Gem and Stone Information




Afghanistan Turquoise

Chinese Turquoise




US Faustite Nevada mine

Yellow Turquoise (sometime referred to as Green Turquoise

  • Whenever possible, we will list the country or mine of origin of the turquoise we use.  Most of our beads are stabilized and will be listed as such.  We give as much information as possible about our turquoise as we can in the description of each piece. Turquoise comes in many quality grades and many types. 

  • STABILIZED TURQUOISE: About 90% of the Turquoise in the market is stabilized to improve the hardness. Turquoise is a very soft mineral with a MOH's hardness of 4-5. Without being stabilized, the beads would break easily.   Unstabilized turquoise will often change color by absorbing chemicals from soap, perfume, or body oils.  Stabilized turquoise may be green (yellow) or blue depending on the color of the original rough.

  • Some turquoise is reconstituted, or ground up into a powder and then made into what's called "Block Turquoise." These beads may be misleadingly labeled as "natural turquoise."

  • HOWLITE: There are some websites that have very low prices on their "Stabilized Turquoise" beads while those beads are merely Howlite beads.  Howlite is a mineral that's mined very close to the the Turquoise mines and often have very similar characteristics as genuine Turquoise except that Howlite is naturally white.  The absence of copper is what makes the stone white instead of the green or blue of genuine Turquoise beads.  These Howlite beads are then dyed into turquoise colors, or others such as red and purple, and sold as substitutes of Turquoise beads.  Because of the abundance of these Howlite stones, the prices of these beads are much lower when compared to genuine Turquoise beads.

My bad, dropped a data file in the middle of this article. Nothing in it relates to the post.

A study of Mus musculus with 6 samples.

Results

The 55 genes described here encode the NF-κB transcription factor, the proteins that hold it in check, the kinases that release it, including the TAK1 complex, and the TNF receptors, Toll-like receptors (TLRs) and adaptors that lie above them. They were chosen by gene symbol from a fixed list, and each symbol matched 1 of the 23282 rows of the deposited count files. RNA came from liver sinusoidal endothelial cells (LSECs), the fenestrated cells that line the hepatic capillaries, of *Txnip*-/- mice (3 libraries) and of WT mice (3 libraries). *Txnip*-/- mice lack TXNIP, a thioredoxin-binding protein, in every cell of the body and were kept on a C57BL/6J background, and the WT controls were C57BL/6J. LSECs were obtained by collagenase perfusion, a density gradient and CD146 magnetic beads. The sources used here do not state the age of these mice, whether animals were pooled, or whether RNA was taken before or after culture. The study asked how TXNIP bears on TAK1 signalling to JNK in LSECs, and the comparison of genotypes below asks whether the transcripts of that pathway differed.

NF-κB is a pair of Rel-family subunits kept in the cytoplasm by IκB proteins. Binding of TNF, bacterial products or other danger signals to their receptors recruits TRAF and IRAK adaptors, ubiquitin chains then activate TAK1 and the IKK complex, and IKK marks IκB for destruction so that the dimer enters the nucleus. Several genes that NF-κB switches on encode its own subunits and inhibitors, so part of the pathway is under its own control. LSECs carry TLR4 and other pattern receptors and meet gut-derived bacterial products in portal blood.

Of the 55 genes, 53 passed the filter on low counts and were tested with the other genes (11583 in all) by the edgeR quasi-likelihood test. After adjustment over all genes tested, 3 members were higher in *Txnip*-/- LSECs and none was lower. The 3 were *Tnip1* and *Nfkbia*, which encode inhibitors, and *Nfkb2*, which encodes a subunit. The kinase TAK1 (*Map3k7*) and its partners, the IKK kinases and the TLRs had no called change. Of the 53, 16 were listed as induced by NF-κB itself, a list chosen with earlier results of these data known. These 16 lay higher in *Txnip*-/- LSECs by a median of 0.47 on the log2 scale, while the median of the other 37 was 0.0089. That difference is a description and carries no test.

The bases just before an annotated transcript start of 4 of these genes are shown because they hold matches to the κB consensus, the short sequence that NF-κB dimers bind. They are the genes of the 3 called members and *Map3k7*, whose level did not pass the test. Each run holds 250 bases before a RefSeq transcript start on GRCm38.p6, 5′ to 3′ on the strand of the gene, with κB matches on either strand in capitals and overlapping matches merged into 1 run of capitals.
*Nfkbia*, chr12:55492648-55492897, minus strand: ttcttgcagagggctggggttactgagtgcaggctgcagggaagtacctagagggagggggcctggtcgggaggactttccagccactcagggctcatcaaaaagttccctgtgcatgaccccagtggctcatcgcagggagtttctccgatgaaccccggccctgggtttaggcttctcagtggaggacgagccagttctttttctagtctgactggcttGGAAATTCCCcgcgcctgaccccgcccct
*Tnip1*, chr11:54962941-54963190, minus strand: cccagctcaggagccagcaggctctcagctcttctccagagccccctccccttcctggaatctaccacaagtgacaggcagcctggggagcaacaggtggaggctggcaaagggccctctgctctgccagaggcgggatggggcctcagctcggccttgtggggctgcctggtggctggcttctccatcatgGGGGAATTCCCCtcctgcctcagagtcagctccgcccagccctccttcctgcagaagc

• Turquoise beads only come in colors ofgreen, blue, and IA Jewelry Essentialsyellow; and they usually have black, brown or red veinscalled matrix running through the beads.  Matrix is not to be considered a flaw, but is highly prized by most 'connoisseurs' of turquoise.

  • "Red Stabilized Turquoise" advertised on some websites is not real Turquoise. 

US varieties

Cabachons from the Kingman and Sleeping Beauty Mines above







Tagua Nut


Tagua Nut slice


  • Tagua Nuts are palm nuts that are harvested in the rainforests of Colombia and Ecuador. After harvesting, the nuts are dried in the sun for 4 to 6 months. Some of the dried nuts are then sliced, drilled and polished by tumbling in water and then in their own media (grinding dust). Some of the slices are left their natural ivory color and others are permanently dyed.
  • The Tagua Nut is also sometimes referred to as "Vegetable Ivory" due to the fact that it is almost indistinguishable from real ivory. These nuts have been used as an ivory substitute for over 140 years (and appeared as buttons on military uniforms during WWI!) An "Eco-Friendly" product, the Tagua Nut is a renewable and sustainable product, and helps support the employment of nearly 35,000 people in the rainforests.
  • The pendants we use are dyed with an Analine dye (a dye used on wood/cellulose produts). The dye is water resistant and maintains its vibrant color, even when in contact with human skin and perspiration, but since it is a plant product similar in its makeup to wood, there are limitations. When worn in the water, the Tagua Nut will absorb water and expand slightly in size. It will return to its original shape once fully dry. Constant wear in water, especially chlorine water, may affect the color and durability of the Tagua Nut slice.
  • Tagua Nut slices will benefit from a light polishing with Pledge or other fine wood care products. Spray a little Pledge onto a soft cloth and polish the slice with the sprayed cloth. Be sure to polish the entire pendant; front, back and sides. This should not change the appearance of the material but will add a light waterproof coating. You can re-apply the pledge when needed.
  • Please note that no two slices are exactly the same and imperfections do occur.